At this point, sriracha is the Rocky Horror Picture Show of condiments: a cult classic that keeps poking its way into the mainstream, and the kind of food product that's spawned a kind of obsession.
While we love the stuff as much as anyone, we're also willing to admit that it's not the most complicated or nuanced chili sauce on the market. Sriracha's great, but everything you put it on winds up tasting inescapably of it. Which is where Jolene Collins' Love of Jojo chili sauce comes in. Our buddy Liza de Guia from Food Curated got the full story, and put together a film about how Jojo's chili sauce gets made.
"When I first started, I tried to create the sriracha that I knew and love, but I quickly figured out that when you add lots of different varieties of chili peppers you get all these crazy flavor profiles, so right away I knew there was so much more there."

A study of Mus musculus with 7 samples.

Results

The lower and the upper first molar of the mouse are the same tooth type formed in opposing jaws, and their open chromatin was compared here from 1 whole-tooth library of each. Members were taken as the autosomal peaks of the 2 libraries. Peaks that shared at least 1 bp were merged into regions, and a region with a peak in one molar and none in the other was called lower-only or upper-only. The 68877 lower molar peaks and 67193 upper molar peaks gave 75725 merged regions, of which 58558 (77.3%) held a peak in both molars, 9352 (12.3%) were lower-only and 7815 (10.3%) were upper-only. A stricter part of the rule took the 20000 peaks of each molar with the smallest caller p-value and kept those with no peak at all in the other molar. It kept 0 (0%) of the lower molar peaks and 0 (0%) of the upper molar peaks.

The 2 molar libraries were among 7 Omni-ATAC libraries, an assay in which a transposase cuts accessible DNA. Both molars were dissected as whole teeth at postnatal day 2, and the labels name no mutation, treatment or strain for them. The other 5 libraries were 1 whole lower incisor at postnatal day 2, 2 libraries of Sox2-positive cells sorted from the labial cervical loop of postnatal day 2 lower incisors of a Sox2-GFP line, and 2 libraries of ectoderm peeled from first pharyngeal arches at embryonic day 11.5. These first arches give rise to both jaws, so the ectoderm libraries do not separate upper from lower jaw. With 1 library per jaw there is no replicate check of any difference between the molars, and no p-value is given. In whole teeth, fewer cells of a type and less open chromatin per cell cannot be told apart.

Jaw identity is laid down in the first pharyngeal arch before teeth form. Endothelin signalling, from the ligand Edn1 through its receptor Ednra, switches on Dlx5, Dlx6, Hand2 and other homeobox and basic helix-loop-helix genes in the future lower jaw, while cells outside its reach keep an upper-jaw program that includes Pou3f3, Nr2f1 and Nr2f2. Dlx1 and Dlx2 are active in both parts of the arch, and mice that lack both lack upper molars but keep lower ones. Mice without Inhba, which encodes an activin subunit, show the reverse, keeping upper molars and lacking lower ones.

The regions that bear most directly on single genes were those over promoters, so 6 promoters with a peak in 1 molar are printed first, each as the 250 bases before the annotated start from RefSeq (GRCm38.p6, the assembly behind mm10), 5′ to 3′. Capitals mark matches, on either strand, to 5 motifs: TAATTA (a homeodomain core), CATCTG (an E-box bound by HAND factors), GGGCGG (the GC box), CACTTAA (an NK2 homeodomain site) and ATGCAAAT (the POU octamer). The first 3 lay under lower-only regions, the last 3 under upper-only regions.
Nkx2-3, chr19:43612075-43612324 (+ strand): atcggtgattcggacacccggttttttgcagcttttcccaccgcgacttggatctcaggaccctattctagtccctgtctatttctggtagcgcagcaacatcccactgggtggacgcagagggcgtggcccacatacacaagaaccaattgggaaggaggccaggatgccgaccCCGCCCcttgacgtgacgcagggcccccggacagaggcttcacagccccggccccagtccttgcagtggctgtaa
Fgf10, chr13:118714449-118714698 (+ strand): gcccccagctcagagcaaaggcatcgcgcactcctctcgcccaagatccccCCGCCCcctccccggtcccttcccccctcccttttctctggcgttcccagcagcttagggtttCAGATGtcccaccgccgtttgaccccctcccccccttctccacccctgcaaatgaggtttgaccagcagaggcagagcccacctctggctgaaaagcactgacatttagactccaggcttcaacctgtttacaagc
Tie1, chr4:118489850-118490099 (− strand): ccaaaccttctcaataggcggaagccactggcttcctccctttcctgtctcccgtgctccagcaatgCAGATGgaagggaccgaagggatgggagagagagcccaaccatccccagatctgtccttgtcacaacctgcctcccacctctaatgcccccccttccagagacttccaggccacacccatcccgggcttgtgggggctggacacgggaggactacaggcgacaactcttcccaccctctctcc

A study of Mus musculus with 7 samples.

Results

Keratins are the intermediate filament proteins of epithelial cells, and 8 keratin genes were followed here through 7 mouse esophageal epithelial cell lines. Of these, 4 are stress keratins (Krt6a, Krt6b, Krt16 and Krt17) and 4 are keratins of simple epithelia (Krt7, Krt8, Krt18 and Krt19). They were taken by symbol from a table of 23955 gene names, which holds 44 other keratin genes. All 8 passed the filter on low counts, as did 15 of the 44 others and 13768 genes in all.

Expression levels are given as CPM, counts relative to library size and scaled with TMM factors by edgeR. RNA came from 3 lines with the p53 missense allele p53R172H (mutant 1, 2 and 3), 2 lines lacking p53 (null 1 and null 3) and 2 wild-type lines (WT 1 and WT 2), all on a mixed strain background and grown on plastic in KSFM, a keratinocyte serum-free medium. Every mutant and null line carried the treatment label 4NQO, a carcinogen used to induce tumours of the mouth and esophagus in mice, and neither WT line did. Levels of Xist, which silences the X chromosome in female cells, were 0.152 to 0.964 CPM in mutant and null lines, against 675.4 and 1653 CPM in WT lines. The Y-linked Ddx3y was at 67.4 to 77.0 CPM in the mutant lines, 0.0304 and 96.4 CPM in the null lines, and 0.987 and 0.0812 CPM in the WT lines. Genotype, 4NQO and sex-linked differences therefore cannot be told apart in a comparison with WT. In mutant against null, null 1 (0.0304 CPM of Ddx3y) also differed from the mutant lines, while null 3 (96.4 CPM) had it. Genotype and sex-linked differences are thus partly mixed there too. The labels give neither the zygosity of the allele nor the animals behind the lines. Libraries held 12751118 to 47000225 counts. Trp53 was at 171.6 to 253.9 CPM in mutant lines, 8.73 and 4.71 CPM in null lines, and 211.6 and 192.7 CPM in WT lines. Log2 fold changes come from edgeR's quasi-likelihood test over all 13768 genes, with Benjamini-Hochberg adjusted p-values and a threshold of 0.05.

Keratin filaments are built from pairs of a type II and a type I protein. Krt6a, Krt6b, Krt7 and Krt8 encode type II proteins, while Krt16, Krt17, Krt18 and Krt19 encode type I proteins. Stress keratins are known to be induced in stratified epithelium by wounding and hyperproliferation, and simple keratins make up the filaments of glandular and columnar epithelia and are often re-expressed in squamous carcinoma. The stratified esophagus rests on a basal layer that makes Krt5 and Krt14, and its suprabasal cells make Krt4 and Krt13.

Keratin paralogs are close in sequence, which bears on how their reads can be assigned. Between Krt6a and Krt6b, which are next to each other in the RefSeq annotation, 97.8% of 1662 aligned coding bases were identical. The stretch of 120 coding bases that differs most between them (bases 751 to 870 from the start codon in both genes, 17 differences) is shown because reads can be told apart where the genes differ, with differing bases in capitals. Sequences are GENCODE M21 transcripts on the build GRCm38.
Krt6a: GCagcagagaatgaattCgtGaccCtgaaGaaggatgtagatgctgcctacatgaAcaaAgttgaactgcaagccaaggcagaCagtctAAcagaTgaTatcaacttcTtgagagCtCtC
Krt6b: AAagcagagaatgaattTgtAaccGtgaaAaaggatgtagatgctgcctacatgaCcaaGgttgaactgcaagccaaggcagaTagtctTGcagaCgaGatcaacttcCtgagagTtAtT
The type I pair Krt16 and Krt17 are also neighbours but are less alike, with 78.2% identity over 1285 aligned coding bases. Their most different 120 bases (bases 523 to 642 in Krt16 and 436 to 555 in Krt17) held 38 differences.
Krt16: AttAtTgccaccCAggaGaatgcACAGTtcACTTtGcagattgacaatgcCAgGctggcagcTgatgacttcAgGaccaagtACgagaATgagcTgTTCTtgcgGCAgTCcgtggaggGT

Collins gets her chili peppers from local farmers at the Greenmarket, chops them up in a food processor, and combines them with minced garlic, salt, and palm sugar. The pre-racha ferments for about a week, then gets puréed and cooked down with vinegar before bottling. Though the individual peppers that go into the sauce change from batch to batch (each with their own flavor profile), Collins keeps her general proportions the same to ensure some consistency.
When we did our blind ketchup tasting, the clear winner was Heinz...because it tasted the most like Heinz, and everything else tasted "off" in one way or the other. Is sriracha the same way to American tastes? Maybe, but maybe not. You'll find plenty of differently flavored srirachas in Thailand and Vietnam; there's no reason we can't have the same here.